KATSWE Sisterhood, has ramped up efforts to reduce Sexual and Gender Based Violence (SGBV) in one of Harare’s SGBV hotspot, Epworth through partnering religious organisations, schools and community advocates to raise awareness on the subject.
By Michael Gwarisa
The organisation is also working in collaboration with ministry of Women Affairs, the Zimbabwe Republic Police (ZRP), Trocaire, Swedish government, The Adult Rape Clinic (ARC), JF Kapnek Trust and the National Aids Council (NAC) to manage SGBV issues in the area.
Speaking during a Girls and Women symposium in Epworth, Katswe Sistahood programmes officer, Otilia Chinyani said the issue of SGBV requires everyone’s participation.
Ending SGBV is possible, it requires a multi stakeholders approach where everyone plays a part towards the attainment of a violent free community.
“We launched the Speakout against SGBV campaign last year in December and I am glad communities are already speaking out,” she said.
Speaking during a panel discussion on the side-lines of the symposium, Ministry of Women Affairs, Community Small and Medium Enterprises Provincial Officer Mr Ernest Chimboza said poverty was the major driver of SGBV in Epworth and government was moving in to set up safe markets for women and girls to curb SGBV.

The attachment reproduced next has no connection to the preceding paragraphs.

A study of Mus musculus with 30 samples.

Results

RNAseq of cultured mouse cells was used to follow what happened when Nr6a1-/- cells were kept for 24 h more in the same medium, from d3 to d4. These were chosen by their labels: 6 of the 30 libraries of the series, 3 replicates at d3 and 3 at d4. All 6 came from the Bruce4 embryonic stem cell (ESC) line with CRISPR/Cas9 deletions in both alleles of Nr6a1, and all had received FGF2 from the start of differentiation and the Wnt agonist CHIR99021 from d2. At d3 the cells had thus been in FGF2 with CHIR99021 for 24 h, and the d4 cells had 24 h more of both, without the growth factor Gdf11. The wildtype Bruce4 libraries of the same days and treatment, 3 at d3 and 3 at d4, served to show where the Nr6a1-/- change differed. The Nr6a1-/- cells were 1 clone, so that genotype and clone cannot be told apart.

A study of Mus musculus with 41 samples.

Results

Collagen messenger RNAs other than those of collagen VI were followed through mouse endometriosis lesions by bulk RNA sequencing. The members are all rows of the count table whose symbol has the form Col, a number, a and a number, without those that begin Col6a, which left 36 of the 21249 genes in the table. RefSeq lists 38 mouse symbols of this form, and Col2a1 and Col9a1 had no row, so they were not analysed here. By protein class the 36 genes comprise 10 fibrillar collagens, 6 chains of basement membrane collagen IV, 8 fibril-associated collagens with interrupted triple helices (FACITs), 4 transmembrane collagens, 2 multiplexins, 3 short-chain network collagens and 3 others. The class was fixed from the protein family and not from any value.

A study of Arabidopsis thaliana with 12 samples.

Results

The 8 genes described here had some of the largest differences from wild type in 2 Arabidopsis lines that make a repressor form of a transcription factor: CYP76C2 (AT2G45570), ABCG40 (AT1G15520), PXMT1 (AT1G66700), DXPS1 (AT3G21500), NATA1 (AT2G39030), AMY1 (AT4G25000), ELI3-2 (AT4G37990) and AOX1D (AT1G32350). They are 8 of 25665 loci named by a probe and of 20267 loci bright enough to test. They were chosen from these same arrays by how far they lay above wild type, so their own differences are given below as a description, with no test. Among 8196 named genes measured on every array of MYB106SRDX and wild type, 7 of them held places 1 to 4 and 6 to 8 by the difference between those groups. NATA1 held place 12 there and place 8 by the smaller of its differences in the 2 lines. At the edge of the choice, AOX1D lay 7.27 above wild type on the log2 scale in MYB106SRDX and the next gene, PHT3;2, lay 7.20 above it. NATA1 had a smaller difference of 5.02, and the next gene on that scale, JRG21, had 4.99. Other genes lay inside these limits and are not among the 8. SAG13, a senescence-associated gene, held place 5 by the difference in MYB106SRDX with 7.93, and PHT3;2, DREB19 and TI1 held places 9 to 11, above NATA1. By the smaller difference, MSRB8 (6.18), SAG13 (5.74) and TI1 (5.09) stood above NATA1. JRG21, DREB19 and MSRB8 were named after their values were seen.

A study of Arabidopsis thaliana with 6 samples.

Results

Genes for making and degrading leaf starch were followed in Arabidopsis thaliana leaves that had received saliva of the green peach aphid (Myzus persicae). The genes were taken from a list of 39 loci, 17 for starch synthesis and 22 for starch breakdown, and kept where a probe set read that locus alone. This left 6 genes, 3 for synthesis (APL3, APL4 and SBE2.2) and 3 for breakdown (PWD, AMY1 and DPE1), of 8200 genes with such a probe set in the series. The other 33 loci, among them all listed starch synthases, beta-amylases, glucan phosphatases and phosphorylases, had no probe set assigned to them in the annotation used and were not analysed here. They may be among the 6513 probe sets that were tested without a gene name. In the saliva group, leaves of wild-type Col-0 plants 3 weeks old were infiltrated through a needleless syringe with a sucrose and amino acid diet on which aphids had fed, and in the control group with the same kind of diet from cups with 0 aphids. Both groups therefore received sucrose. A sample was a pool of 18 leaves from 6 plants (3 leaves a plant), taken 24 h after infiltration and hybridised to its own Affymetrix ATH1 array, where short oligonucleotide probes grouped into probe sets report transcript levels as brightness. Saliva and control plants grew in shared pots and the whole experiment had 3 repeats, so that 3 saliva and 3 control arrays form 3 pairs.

“To end the problem of SGVB, as government, we are setting up empowerment and livelihoods programs where we are teaching women and girls to venture into income generating projects. Once someone is economically empowered, we believe they can stand and fight for their rights as well.
“So this is one way we are working with communities to end SGBV. As for Epworth, through assistance from partners, we are hearing that most women and girls are being abused at their vending stalls (Musika). Here in Epworth in the Overspill area, we are piloting a project for the constructing of what is called a safe market for women under the safe cities program in order to ensure women operate in a violence free environment,” said Mr Chimboza.
Meanwhile, Zimbabwe Council of Churches (ZCC) Liaison Officer, Reverend Samuel Sifelani said the church was also a culprit in the SGBV equation.
“It is true, Sexual Gender Based Violence (SGBV) knows no boundaries and is also prevalent in churches and communities. SGBV is rampart is the church, that’s where most people are. However, our goal is to ensure the church becomes a refuge and a place of hope for people. We have various programs we have moved so far as a way of ending SGBV in Churches.
“First, we are working on ensuring that that pastors undertake GBV related courses at theological colleges so that they understand the issues around gender roles. We have also roped in the issue of counselling at college level to ensure preachers of the word of God are also equipped with counselling skills,” said Rev Sifelani.
He added that prayer does not end SGBV but proper counselling and knowledge could go a long way in ending SGBV in religious circles.